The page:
How smart buildings become radically efficient


Data, however, is only as transformative as the tools that make it actionable. If data is to define the future of sustainability, then the future of information technology will define how facilities become radically efficient (i.e. true smart buildings).

IDC has projected that social business, big data analytics, cloud computing and mobility are coming together in an unprecedented way to create solutions with entirely new business value. Indeed these pillars of future information technology will enable intelligent industries, solutions and, most importantly, innovation. These are the characteristics of intelligent IT tools that can transform facilities into smart buildings and directly align with the VERGE message of data-enabled market transformation.

Removal of Biodiesel Precipitates via Ultrasound


7 steps to developing a profitable CSR strategy


Our 15 years’ experience working in three multinationals have suggested how to develop a profitable CR strategy. We believe these lessons are broadly applicable and would help any company think clearly about CR and how to make it a contributing part of the business. In this article we discuss some of the keystones; the full framework can be read here.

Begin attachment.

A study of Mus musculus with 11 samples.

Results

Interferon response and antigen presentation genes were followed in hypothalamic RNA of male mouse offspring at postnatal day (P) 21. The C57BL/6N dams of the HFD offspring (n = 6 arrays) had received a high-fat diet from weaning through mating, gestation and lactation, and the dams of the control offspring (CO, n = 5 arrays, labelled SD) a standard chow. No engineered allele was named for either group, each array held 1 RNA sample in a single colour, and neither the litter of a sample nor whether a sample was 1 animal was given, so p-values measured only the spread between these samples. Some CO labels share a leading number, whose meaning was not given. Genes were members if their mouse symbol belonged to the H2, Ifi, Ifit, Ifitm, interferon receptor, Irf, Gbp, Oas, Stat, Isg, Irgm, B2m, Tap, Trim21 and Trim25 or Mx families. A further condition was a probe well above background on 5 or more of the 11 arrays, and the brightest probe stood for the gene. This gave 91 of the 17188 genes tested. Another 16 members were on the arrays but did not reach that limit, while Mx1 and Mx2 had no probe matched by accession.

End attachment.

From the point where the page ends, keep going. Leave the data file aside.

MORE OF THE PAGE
Supply-chain reporting in tech: 4 pitfalls to avoid


One Southern California software service provider was asked by one of its largest software developer partners to ensure compliance with its corporate social responsibility (CSR) guidelines. Faced with the choice of demonstrating via reporting or losing that customer, the software service provider found it was able to easily meet the standards and even decided to exceed them. These steps reduced its carbon footprint and enhanced its reputation for corporate citizenship.

This demand for disclosures is on its way to becoming the norm. Companies need to be prepared to integrate sustainable practices into their operational strategies and report on them when asked to do so.